Based on excavations at Tintagel in the 1990s and 1930s, researchers think the headland was the site of a densely populated political or mercantile settlement, which may have included a royal residence of the kings of Dumnonia — a native British kingdom in Cornwall from the 5th to 7th centuries. But, no accurate dates have been made of the remains of the more than 100 buildings buried at the site, and the function of the site remains uncertain. [Read full story about the excavations at Tintagel]
English Heritage, a trust that manages more than 400 historic and monumental sites in England, has contracted archaeologists and other scientific specialists from the Cornwall Archaeology Unit at Truro to carry out the dig.
This image shows Ryan Smith from the Cornwall Archaeology Unit excavating a stone wall at the site.
By the sea
Cornwall is rich in minerals such as tin, lead and silver, and there are indications that some locations on the Tintagel headland may have been used for metalworking, Scutt said.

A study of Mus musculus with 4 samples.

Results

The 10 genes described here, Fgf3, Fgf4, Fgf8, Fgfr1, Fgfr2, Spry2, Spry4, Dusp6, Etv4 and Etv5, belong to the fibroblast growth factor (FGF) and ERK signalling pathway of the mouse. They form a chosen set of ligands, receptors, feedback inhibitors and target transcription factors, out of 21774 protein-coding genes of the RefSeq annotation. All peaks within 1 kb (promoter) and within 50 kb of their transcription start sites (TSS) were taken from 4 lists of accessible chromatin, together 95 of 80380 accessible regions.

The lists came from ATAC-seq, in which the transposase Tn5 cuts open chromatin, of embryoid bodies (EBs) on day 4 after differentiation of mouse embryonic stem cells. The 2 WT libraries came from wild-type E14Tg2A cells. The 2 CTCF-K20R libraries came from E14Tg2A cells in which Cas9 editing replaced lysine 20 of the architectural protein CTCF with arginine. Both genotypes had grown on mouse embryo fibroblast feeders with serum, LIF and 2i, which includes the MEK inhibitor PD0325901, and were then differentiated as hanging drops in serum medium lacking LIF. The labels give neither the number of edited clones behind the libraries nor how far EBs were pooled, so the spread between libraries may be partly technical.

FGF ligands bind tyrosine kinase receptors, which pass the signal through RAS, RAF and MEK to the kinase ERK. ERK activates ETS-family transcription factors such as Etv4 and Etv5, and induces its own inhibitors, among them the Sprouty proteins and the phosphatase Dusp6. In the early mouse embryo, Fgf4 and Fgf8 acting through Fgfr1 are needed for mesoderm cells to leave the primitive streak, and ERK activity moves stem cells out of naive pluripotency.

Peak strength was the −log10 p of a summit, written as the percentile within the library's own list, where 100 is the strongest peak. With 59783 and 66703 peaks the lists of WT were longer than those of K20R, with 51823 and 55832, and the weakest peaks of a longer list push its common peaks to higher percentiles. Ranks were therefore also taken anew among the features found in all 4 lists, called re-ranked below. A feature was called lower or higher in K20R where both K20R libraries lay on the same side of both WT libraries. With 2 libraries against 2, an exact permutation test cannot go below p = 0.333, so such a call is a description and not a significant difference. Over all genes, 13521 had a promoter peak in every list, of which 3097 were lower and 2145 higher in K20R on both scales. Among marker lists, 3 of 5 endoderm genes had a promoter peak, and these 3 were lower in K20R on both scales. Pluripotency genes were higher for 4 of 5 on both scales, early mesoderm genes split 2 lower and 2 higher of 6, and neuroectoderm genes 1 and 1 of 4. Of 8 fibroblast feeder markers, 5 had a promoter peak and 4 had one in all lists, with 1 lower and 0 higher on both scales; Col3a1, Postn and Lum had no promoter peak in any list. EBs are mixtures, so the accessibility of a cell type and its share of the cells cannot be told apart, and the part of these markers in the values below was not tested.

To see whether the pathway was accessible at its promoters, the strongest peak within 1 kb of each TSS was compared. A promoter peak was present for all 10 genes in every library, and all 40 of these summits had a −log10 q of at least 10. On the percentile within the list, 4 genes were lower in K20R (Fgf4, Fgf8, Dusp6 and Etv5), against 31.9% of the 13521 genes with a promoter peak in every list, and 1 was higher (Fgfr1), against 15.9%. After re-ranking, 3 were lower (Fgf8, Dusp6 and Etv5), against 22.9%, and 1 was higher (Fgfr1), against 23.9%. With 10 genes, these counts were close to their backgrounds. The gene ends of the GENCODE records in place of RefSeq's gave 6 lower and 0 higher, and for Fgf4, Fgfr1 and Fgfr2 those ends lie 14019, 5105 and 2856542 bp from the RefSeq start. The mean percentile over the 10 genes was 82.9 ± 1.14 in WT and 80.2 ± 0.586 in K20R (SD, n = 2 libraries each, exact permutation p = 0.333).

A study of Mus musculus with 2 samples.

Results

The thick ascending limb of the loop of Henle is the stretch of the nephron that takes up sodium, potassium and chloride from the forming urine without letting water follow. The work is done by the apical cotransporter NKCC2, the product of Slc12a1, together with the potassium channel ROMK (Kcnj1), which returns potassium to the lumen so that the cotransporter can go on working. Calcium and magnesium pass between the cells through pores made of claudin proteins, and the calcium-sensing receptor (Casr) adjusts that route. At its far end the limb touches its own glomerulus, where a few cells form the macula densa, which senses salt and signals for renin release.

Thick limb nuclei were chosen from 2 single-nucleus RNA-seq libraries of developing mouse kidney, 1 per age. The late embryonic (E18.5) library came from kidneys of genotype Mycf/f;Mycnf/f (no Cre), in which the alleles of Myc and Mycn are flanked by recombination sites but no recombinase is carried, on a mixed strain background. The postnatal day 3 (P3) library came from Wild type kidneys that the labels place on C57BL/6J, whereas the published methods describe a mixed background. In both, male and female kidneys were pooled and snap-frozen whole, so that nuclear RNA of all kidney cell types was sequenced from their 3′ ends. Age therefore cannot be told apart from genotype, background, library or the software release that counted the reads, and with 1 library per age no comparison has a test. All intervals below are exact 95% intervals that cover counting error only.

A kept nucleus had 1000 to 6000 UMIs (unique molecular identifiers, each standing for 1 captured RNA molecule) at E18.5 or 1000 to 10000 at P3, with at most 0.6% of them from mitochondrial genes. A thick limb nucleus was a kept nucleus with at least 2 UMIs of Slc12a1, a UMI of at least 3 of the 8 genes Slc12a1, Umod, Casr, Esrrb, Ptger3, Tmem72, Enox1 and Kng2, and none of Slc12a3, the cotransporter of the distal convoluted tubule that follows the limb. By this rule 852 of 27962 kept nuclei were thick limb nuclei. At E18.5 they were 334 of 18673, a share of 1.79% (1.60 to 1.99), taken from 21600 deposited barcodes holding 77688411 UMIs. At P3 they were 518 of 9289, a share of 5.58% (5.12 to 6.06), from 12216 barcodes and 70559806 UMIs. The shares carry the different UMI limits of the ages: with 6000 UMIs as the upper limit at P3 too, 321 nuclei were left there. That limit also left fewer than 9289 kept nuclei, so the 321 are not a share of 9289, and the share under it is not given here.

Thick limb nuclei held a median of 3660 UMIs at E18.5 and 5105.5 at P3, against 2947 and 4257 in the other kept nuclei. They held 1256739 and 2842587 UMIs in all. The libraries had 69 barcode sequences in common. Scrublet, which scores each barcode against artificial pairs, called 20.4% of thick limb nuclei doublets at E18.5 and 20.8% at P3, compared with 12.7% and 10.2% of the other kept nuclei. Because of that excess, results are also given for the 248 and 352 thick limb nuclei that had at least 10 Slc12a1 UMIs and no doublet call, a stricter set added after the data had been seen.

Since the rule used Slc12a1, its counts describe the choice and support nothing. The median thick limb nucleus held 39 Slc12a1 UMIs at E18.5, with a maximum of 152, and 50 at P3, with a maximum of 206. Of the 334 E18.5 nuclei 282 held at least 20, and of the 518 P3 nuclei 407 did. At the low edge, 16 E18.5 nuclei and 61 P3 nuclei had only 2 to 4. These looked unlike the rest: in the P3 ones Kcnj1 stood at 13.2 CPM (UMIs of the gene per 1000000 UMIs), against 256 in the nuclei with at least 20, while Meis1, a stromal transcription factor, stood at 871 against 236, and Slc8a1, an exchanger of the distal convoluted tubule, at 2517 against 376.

Tales at Tintagel
This photograph shows archaeologist Ryan Smith (left), dig executive director James Gossip, and English Heritage curator Win Scutt (right) at the dig site at Tintagel, on the Cornish coast.
Other finds include fragments of a large number of storage jars called amphorae from Greece and Turkey that once held olive oil or wine.
This sherd of glass is from of a cone-shaped cup made in Merovingian France around 550 A.D.
Real or not?
An inscription on a stone found at Tintagel in the 1990s names a man named "Artognou," but most researchers now think the inscription refers to someone else, and not the probably mythical British king, in spite of the partial similarity of the names.